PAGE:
There may be a section in the old Curtis and Reiner "Theorems of Blichfeld, Burnside and Frobenius" which answers this to a large extent, although they don't think about $p$-adics.
Thanks to Jordan's theorem, there is an Abelian normal subgroup of (fixed) bounded index. So the question reduces to limiting the size of Abelian (normal) subgroups. But for the rings $R$ you discuss, there are only finitely many roots of unity in any such $R,$ and for any given $R,$ there is an explicit bound on the number of roots of unity in $R$, and an explicit bound on the size of Abelian subgroups (in fact, for a primitive absolutely irreducible group, the largest normal Abelian subgroup consists of scalar matrices).

An alternative approach is to note that the kernel of any reduction (mod $p$) (strictly, reduction (mod the appropriate prime ideal containing $p$) of a finite subgroup is a finite normal $p$-group, and the image group is a subgroup of a finite ${\rm GL}(n,q),$ ($q$ a fixed -in terms of $R$-power of $p$). There are many ways to obtain explicit bounds on the size of the normal $p$-subgroup- over some extension field, it is a monomial group, etc.

In view of questions below, let me expand a little. It is commonplace in modular representation theory to work with a $p$-modular system, which is a triple $(\mathbb{K},R,F)$ such that $R$ is a complete discrete valuation ring of characteristic $0$ such that $R$ has field of fractions $\mathbb{K},$ and $F$ is the residue field $R/J(R)$. This triple is usually taken to be large enough for $\mathbb{K}$ to contain a splitting field for a finite group $G$ and its subgroups ( for example, by assuming that $R$ contains a primitive $|G|$-th roots of unity, which we now do). It is also commonplace to identify $\mathbb{C}$-valued characters of $G$ with characters afforded by finite dimensonal $\mathbb{K}G$-modules. Details are often glossed over, but this is all perfectly permissible.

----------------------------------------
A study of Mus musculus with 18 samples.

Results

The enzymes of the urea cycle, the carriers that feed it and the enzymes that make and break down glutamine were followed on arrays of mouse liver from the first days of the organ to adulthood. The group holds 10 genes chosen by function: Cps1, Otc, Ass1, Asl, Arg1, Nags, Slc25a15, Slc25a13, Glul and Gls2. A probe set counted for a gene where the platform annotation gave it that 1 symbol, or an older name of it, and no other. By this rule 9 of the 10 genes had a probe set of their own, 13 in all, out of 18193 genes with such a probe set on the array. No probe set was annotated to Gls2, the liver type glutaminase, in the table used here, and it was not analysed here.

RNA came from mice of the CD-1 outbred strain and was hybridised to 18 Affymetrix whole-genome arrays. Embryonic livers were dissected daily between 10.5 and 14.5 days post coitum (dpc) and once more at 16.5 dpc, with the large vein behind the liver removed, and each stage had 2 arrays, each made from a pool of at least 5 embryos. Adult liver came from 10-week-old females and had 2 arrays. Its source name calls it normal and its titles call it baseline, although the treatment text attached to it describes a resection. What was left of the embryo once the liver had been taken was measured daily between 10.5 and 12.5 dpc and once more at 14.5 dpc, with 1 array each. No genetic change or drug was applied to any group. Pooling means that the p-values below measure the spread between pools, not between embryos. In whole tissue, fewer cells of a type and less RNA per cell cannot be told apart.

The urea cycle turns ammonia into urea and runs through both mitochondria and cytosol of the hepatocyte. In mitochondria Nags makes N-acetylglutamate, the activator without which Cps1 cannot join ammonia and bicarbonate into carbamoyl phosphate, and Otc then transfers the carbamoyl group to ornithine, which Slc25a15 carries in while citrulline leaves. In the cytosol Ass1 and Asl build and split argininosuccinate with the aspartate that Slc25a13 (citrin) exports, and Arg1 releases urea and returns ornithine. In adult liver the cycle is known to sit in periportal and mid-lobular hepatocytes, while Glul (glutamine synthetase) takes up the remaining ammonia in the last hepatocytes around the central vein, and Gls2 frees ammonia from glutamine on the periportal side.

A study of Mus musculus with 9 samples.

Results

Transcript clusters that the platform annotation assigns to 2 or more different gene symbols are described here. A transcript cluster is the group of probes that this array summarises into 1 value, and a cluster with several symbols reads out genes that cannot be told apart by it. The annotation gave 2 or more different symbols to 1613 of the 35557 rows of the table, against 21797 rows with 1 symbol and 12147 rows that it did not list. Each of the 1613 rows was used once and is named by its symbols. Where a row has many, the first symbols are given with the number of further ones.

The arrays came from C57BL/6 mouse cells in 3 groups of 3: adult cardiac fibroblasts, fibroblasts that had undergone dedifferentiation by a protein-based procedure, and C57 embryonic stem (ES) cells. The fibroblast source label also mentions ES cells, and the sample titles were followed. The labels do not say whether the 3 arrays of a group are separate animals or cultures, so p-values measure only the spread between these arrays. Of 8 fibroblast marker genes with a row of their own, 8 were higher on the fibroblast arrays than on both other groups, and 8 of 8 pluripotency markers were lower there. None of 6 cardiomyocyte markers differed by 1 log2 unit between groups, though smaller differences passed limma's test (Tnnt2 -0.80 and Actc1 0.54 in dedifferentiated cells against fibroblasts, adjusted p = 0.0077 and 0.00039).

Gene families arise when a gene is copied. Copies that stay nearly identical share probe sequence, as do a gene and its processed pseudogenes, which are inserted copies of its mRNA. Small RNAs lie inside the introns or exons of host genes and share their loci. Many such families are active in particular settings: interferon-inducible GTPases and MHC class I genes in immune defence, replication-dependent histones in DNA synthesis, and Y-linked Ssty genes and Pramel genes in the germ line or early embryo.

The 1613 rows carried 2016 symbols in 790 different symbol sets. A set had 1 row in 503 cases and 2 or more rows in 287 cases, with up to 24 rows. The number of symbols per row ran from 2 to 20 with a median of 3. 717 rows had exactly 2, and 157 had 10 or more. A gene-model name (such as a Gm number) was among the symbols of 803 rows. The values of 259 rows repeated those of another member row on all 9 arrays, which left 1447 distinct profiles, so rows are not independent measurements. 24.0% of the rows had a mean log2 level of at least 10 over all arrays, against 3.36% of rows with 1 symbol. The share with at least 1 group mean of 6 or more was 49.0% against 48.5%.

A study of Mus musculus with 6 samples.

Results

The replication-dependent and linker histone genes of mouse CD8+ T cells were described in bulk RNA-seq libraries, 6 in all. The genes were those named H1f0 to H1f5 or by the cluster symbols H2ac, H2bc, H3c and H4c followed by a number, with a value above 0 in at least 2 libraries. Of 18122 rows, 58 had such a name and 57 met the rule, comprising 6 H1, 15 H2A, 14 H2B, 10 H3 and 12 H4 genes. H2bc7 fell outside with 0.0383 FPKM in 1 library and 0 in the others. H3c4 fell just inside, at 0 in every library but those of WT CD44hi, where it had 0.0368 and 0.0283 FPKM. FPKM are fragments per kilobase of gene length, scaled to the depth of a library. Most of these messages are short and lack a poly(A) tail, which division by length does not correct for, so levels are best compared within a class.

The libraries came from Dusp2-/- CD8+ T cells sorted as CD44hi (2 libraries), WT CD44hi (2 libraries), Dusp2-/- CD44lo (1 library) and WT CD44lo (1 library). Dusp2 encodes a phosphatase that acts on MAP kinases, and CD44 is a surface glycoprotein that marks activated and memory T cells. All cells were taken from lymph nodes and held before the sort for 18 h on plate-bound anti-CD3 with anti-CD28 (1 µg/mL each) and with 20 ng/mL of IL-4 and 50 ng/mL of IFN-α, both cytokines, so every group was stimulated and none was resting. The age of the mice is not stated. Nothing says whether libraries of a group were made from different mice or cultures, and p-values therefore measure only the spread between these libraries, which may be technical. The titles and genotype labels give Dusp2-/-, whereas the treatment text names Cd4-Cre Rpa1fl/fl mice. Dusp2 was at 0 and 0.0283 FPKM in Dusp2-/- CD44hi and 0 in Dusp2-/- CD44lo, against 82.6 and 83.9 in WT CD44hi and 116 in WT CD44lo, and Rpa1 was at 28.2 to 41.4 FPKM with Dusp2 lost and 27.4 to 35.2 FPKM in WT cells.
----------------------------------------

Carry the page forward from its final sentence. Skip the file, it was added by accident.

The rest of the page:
Any character of a finite dimensional $\mathbb{C}G$-module is afforded by some $\mathbb{Q}[\omega]G$-module, where $\omega$ is a primitive $|G|$-th complex root of unity. This module is determined uniquely up to isomorphism by its character. Since $\mathbb{Q}[\omega]$ is isomorphic to a subfield of $\mathbb{K}$ under current assumptions, every $\mathbb{C}G$-module ``comes from" a $\mathbb{K}G$-module. Conversely, every character afforded by a $\mathbb{K}G$-module may be decomposed uniquely using the standard inner product on the character ring into a sum of complex irreducible characters, each of which may be afforded by a $\mathbb{Q}[\omega]G$-module. So for most purposes, there is little difference between studying $\mathbb{C}G$-modules and $\mathbb{K}G$-modules, and, in particular, the maximum index of an Abelian normal subgroup of a finite subgroup of ${\rm GL}(n,\mathbb{K})$ can be no larger than the corresponding bound for ${\rm GL}(n,\mathbb{C}).$ As mentioned in comments, if one works with primitive irreducible groups, all Abelian normal subgroups are central. But large groups of scalar matrices can't be finessed, though Jordan's theorem in the primitive case shows that this is the only real obstacle to an absolute bound.